A Web Dev’s Checklist for Maintaining Page Speed

A guide for web developers to maintain a faster site with better performance

It’s obvious to say that all websites need upkeep, but often times they are left as “good enough.” Collecting dust, attracting hackers, slipping in the rankings. We’ve already gone into painstaking detail about why page speed matters and various levels of guidance for site speed optimization overhaul from novice to advanced. This article assumes you’ve implemented most of those major improvements, at least somewhat recently. If you haven’t, then definitely do start here.

In this post, we’ll look at the most likely culprits causing page speed to creep back up, and basic fixes to help keep the base layer of the marketing stack (infrastructure, page/site speed) healthy.

Infrastructure and site speed are the foundation for good digital marketing

Infrastructure drives internet marketing. It's the base of the stack.

Image compression

Over time, lots of content gets added, edited, and generally messed with on your site. Content producers upload images, page templates get a facelift, and so on. In the hustle to keep our content fresh, compelling, and published on-time, marketers can easily forget to follow the image compression procedures that we carefully laid out the last time we did a site speed push.

Whatever the reason for the average image size creeping up, if images are not optimized before they go live, or auto-optimized on upload, it won’t take long for your newest content to under-perform.

Maintenance Tip #1: Test a handful of your main pages quarterly like the homepage, blog hub, services page, products hub, etc., on webpagetest.org. Analyze the results and make sure you address image compression issues.

Identify where and how over-sized images are popping up most frequently, and proactively address it with the folks who can improve their process. Teach your content team how they can optimize imagery for your site. Better still, implement a plugin that will auto-optimize your imagery on upload.

HTACCESS rules overwritten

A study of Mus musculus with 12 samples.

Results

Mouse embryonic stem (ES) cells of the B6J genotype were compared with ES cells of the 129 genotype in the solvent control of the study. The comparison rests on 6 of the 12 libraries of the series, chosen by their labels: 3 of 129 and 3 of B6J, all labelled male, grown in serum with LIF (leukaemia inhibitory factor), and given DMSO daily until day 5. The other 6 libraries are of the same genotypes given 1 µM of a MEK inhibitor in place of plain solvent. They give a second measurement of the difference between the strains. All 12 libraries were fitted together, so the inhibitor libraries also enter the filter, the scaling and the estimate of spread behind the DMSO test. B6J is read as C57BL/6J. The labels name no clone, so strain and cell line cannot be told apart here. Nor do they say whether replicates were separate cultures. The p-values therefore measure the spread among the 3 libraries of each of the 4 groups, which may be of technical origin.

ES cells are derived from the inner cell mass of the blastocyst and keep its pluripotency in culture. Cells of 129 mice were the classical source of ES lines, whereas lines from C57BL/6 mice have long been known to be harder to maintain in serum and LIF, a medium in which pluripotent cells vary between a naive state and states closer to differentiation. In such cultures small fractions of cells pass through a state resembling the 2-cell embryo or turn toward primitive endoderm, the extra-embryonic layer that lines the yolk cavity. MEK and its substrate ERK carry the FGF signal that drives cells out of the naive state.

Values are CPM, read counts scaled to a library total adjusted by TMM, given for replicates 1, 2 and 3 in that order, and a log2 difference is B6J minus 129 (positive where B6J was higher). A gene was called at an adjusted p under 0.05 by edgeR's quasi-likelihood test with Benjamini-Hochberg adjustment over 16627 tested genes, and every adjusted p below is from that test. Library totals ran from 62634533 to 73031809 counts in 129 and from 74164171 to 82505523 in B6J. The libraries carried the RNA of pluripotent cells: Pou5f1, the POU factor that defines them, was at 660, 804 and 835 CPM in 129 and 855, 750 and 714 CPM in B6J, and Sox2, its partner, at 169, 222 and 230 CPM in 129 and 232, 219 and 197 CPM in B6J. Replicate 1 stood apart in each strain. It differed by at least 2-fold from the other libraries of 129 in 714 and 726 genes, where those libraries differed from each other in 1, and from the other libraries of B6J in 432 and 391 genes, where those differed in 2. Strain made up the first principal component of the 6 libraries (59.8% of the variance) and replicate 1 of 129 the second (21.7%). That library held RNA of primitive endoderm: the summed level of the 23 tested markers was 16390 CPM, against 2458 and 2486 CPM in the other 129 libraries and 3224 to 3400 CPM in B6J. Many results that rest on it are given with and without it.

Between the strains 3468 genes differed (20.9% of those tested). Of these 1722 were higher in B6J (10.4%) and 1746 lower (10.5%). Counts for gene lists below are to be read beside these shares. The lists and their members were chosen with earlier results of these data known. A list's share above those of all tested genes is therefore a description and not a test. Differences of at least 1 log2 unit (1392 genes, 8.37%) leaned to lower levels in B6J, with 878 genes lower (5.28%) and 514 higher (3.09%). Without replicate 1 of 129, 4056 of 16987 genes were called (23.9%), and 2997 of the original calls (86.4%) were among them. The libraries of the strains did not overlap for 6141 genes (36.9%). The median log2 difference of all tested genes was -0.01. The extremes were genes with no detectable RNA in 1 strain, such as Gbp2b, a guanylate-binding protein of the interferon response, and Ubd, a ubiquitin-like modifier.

This may sound like a strange culprit, but it definitely happens. A CMS and/or plugin modifies the local Apache config file (.htaccess) and in the process, wipes out a bunch of browser caching or compression directives.

Maintenance Tip #2: Be sure that you’re still defining max-age (or far off) expiration times for your static files like images, CSS, JavaScript, fonts, etc.

JavaScript and CSS bloat

Have you added any plugins to extend functionality lately? More often than not, plugins inject their own javascript and CSS on every page, even if they’re only truly being utilized on a few.

Maintenance Tip #3: Customize your theme (or app) to remove these unnecessary resources where they are not needed. This can be tedious, but taking the time to limit all plug-ins to only the uses and pages where they’re needed will add up to improve your performance metrics, and enhance your customers’ experience on your site.

3rd party scripts

Marketers love their tools. They provide great insights into all kinds of metrics to help make informed decisions. From page views and click-throughs to heat maps and scroll tracking. But sometimes they love their tools too much — and subsequently have their dev team install a bunch of 3rd party scripts into the code.

With the advent of Google Tag Manager, marketers can even insert some of these scripts themselves, which opens its own can of worms that we won’t get into. We’re big fans of GTM in general for the agility and visibility it brings to marketing teams, but as a developer that knows the value of site speed, you still need to understand all the code that’s going into your site.

Maintenance Tip #4: Coordinate with your analytics and/or marketing teams who utilize these tools and analyze them carefully. Be picky about what you are running on your site. Purge scripts that are no longer needed (or no longer work).

CMS and Updates to Plugins, Extensions, Modules

Regardless of your CMS, you should be keeping up with core updates for security patching and enhanced functionality. Sometimes, the updates are improvements to code efficiency. Plus, you don’t want to fall so far behind that when you finally address updates, they are of the large, complicated, headache variety. Iterative updates for the win!

The same goes for any plugins or extensions.

Maintenance Tip #5: Be vigilant about CMS updates. Keep ‘em small and painless. If a faster site wasn’t enough incentive, you don’t want to be unknowingly advertising for hackers, right?

That’s all for now!

This should be a fairly simple, manageable list to get your site’s performance back on the right track — and, most importantly, convert more leads. I would suggest reviewing once a month, and if you haven’t made any investment in site speed before this definitely check out Portent’s Massive Guide To Site Speed as a starting place If you have any questions, please let me know in the comments below.

Pssst: Portent does page speed optimization. Give us a call.

Andy Schaff

Development Architect
Development Architect

With more than a decade of experience, Andy is a highly-motivated developer who will take on any technology thrown at him. A proponent of well-formed and documented code, page speed techniques, and high attention to detail, Andy is the full-stack implementation specialist and development architect at Portent.


    1. Thanks Filip! I would suggest using webpagetest.org and/or pingdom.com for testing load speed. You can also use Chrome console for a geekier waterfall look.